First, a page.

By Caroline James
This week, South Africa was one of eight countries in the United Nations Committee on Non-Governmental Organisations that voted to deny the Committee to Protect Journalists (CPJ) observer status at the United Nations (UN). South Africa voted against accreditation along with countries like China and Russia who are not known for their commitments to free speech.
The CPJ is an international organisation that researches press freedom around the world, and works to protect journalists who are targeted as a result of their work. According to a report in the Guardian, South Africa cited concerns with the CPJ’s financial stability and the fact that they refuse to support punishment for hate speech as reasons for the country’s decision to reject their application.
This isn’t the first time the UN Committee has been criticised for refusing to accord organisations observer status. In 2008, it declined the application for status from LGBT advocacy groups from Spain, the Netherlands and Brazil, and it took 17 years for the International Lesbian and Gay Association (ILGA) to be granted observer status – and this was only after an appeal to the larger Economic and Social Committee. Countries that do not support the interests promoted by the organisations seeking admission are often able to block their applications.
It is not only at the UN level that groups are being refused observer status. Last year, the African Union requested that the African Commission on Human and People’s Rights withdraw the observer status that had been granted to the Coalition of African Lesbians, on the grounds that the granting of the status had not taken into account fundamental African values. The implication was that African values did not include homosexuality, and any organisation seeking to protect and promote the rights of LGBTI individuals could not operate within the African system.
Non-governmental organisations have always been recognised as having a role to play at transnational bodies. The African Commission, in its resolution 33 of 1999 on the granting of observer status, recognised “the need to strengthen its co-operation and partnership with NGOs working the field of human rights”, and the UN Economic and Social Council acknowledged “the breadth of non-governmental organisations’ expertise and the capacity of non-governmental organisations to support the work of the United Nations” in its resolution 31 of 1996. The involvement of NGOs at this level has two functions: to promote the interests of their own members, and to share their knowledge and expertise, which enhances the decision making and knowledge base of the bodies.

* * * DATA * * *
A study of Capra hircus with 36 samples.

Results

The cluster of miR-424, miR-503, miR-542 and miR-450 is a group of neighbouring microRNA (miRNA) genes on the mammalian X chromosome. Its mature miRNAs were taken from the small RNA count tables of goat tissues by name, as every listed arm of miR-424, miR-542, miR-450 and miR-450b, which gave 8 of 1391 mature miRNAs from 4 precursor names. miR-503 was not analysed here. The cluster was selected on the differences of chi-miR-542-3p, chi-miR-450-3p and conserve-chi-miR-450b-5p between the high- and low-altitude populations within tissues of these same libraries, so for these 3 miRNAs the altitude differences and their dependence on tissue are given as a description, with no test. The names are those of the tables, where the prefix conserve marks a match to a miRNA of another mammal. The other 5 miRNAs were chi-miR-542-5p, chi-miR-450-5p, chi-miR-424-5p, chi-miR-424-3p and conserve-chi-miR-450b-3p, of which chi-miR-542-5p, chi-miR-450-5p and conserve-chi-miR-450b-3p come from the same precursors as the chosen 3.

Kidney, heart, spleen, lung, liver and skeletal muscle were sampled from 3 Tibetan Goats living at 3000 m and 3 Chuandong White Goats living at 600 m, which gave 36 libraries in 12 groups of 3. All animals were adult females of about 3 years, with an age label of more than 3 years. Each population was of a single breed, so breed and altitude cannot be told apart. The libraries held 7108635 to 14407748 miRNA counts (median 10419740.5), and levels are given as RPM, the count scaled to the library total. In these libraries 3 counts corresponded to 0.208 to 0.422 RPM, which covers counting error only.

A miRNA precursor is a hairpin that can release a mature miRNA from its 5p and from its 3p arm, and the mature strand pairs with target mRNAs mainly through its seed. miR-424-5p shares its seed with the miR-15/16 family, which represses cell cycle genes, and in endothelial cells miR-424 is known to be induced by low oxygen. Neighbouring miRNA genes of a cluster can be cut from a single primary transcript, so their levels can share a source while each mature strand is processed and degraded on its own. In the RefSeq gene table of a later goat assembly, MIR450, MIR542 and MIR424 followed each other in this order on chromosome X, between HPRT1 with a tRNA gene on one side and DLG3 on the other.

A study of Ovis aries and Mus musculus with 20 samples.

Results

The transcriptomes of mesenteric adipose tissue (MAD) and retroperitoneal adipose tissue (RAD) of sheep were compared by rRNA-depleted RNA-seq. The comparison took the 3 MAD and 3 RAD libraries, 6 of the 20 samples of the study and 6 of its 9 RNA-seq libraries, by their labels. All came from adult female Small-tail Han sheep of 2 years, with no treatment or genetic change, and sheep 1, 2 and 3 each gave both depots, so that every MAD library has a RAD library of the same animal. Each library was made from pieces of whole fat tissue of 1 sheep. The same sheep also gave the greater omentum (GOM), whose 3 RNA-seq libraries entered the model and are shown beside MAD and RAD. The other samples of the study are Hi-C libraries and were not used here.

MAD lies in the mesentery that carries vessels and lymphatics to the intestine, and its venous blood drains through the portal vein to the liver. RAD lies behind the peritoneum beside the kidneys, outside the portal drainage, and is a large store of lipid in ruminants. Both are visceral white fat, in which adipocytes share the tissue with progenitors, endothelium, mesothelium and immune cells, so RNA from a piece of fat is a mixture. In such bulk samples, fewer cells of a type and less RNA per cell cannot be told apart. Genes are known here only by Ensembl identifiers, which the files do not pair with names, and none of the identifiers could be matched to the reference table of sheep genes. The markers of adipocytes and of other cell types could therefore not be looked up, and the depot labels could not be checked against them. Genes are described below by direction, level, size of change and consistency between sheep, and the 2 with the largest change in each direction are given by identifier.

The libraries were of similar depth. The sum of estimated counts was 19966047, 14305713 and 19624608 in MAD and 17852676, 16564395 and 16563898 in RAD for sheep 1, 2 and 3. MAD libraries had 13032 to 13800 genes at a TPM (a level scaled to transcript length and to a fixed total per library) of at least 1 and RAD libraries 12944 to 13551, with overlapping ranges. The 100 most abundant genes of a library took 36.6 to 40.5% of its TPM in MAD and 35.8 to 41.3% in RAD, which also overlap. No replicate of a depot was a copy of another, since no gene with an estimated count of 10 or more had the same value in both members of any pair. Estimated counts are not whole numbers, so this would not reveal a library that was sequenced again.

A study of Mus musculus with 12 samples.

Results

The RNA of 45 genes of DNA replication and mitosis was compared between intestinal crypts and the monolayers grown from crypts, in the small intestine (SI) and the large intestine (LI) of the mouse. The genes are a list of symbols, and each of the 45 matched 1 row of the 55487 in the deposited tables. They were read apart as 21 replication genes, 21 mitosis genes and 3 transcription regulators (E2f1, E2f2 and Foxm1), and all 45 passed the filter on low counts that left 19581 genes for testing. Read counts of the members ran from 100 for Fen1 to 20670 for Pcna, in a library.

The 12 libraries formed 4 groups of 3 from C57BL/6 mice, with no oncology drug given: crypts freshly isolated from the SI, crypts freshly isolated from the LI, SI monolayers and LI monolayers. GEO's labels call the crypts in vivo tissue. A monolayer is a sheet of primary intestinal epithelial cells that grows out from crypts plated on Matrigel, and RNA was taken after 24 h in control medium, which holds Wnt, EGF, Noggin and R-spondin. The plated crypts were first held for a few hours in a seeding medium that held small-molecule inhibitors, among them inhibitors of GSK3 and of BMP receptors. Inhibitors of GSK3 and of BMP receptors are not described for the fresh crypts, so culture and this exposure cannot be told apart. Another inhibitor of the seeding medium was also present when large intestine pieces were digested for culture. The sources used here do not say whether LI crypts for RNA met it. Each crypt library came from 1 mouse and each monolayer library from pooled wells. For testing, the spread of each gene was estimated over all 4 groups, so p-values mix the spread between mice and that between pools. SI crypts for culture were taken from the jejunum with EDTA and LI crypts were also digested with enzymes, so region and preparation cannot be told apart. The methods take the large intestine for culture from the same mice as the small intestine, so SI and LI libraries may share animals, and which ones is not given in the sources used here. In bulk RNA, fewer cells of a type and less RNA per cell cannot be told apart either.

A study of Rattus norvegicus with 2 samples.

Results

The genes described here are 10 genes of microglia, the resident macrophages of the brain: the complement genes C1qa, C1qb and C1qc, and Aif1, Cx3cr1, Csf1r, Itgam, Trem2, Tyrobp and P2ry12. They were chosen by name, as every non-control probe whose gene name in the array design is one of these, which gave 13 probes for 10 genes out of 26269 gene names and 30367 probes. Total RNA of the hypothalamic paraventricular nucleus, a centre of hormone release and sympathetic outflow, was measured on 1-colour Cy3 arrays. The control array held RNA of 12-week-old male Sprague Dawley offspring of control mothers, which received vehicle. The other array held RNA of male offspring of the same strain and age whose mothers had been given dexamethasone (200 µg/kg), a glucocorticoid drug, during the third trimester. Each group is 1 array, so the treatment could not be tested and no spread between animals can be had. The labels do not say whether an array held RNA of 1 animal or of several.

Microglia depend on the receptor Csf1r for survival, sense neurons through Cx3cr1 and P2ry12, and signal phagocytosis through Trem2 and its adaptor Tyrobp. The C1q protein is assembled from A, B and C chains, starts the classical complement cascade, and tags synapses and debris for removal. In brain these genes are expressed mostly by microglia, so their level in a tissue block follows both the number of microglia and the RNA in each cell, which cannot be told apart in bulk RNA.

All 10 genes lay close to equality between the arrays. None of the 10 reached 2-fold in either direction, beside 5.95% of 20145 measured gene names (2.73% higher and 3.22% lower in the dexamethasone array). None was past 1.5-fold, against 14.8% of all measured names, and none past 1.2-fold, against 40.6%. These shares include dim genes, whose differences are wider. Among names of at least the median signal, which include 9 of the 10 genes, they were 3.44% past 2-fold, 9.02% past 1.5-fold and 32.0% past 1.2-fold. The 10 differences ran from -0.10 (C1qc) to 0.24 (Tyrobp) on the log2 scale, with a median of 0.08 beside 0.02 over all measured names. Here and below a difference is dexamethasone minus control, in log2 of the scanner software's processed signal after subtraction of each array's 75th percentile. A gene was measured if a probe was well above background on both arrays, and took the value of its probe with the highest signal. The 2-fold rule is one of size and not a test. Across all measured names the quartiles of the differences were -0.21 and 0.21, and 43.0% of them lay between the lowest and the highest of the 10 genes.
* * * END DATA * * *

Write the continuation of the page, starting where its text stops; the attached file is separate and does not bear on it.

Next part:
However, the danger is that transnational bodies and their members believe they have the power to determine which groups’ interests deserve to be represented. In both the African Commission and UN resolutions there is a recognition that organisations with observer status must “[h]ave objectives and activities in consonance with the fundamental principles and objectives enunciated in the … African Charter on Human and Peoples’ Rights” and that “[t]he aims and purposes of the organisation shall be in conformity with the spirit, purposes and principles of the Charter of the United Nations.” Unfortunately, the values and principles of the African Charter and the Charter of the United Nations have been narrowly interpreted, and these provisions are used to exclude groups that seek the challenge the scope of the protection afforded by the Charters.
In the recent landmark judgment of Rammoge v Attorney General in Botswana where the Supreme Court of Appeal ordered that an LGBT advocacy group be registered, the court explained the value and necessity of advocacy for controversial topics in a democracy. Judge President Kirby held that even though same-sex sexual activity was currently unlawful in Botswana there was nothing to prohibit groups advocating for the rights of LGBT individuals and for the decriminalisation of same-sex relationships. The court recognised that some groups may believe that homosexuality is a “social ill”, but said that this cannot be used to prohibit the lawful advocacy for rights and interests of minority groups. The judgment reflects the changing African attitudes towards LGBTI persons.
Hate speech, and how to address it, is always a divisive issue. Almost all international human rights instruments and domestic constitutions prohibit speech that advocates hatred, because of the need to balance to right to freedom of expression with the rights to dignity and safety and security. However, there is significant disagreement over how far that prohibition should go – particularly over whether hate speech should be prohibited on its own, or only when it incites discrimination or violence. Hate speech remains a pressing issue in South Africa – particularly after the many race and xenophobia challenges that South Africa has experienced in recent times. South Africa has yet to find a mechanism to deal with these issues.
The role of NGOs at international bodies is to develop and deepen knowledge and debates, and for South Africa to refuse to recognise CPJ on the grounds that it has different views on the punishment of hate speech, is to reject the very purpose of NGOs’ involvement at the UN. The UN and African Commission need to be vibrant democratic spaces, where views of all sides are heard and debated. If only those groups that reinforce the prevailing morality are admitted, the developmental potential and legitimacy of the UN and the African Commission are threatened, and minority groups will have even less faith in the transnational systems. South Africa, in seeking to effectively tackle hate speech, would benefit more from hearing views from diverse perspectives, and the same should apply at the international level.
Caroline James is a freedom of expression lawyer at the Southern Africa Litigation Centre.